Red panda cubs, we hardly knew ye. Less than four months after going on exhibit at Lincoln Park Zoo, the institution’s two red panda cubs, named Clark and Addison in a zoo contest, have received new marching orders.
In the next couple of weeks the almost 8-month-old male and female will be moved to other institutions at the behest of the Red Panda Species Survival Plan of the Association of Zoos and Aquariums. The plan tries to balance population demographics, breeding and animal distribution among its member institutions, the accredited zoos and aquariums of North America.
Until then they can be seen alternating in the Kovler Lion House exhibit with their parents, Leafa and Phoenix. Mornings are generally the most active time for the Himalayan species, which is neither panda, nor bear, nor raccoon, but is somewhat raccoon-like in appearance.
Born in June, the duo became viral stars for the North Side institution thanks to a very high adorability factor. In the terminology of contemporary zoos, they were "charismatic" animals. But they are now weaned and ready to move on, said Dave Bernier, the zoo’s curator of animal care.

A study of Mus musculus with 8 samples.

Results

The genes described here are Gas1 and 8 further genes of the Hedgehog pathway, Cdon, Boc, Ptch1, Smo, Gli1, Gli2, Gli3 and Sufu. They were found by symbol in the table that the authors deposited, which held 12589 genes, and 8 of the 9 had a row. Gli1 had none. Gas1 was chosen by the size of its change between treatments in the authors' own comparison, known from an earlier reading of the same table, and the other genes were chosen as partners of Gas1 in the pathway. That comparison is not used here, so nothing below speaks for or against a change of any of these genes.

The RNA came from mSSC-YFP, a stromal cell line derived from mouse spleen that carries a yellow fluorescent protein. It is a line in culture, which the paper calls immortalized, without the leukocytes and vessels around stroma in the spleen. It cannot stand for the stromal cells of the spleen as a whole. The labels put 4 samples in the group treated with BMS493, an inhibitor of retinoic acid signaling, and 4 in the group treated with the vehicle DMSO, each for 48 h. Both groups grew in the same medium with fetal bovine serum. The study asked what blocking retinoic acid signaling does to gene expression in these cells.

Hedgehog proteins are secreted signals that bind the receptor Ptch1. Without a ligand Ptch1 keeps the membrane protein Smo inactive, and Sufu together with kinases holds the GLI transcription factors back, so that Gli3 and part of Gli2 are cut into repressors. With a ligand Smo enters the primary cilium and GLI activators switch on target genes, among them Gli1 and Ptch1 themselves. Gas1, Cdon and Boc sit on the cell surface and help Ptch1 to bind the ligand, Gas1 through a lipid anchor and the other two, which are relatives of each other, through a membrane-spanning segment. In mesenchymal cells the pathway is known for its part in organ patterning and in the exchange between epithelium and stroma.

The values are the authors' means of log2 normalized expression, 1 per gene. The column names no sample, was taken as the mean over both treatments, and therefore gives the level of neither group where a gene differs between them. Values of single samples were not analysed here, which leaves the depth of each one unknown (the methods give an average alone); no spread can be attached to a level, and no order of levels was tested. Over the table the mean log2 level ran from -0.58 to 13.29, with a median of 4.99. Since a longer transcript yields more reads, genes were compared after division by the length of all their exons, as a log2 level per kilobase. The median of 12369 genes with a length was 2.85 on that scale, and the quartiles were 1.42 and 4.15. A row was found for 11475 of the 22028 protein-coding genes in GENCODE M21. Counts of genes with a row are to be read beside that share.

“It’s kind of a natural progression of things,” said Bernier. “In order for our red panda pair to breed again, and we do have a recommendation for that, we would need to move our offspring out.” He said that other institutions, yet to be determined, but probably two separate places, have need for young red pandas, which are endangered in the wild. The zoo hopes that it will soon be naming more red pandas, thanks to the SSP recommendation that Leafa and Phoenix reproduce again.
"Breeding season is right about now," Bernier said. "Our hope is they will produce another litter of panda cubs this summer."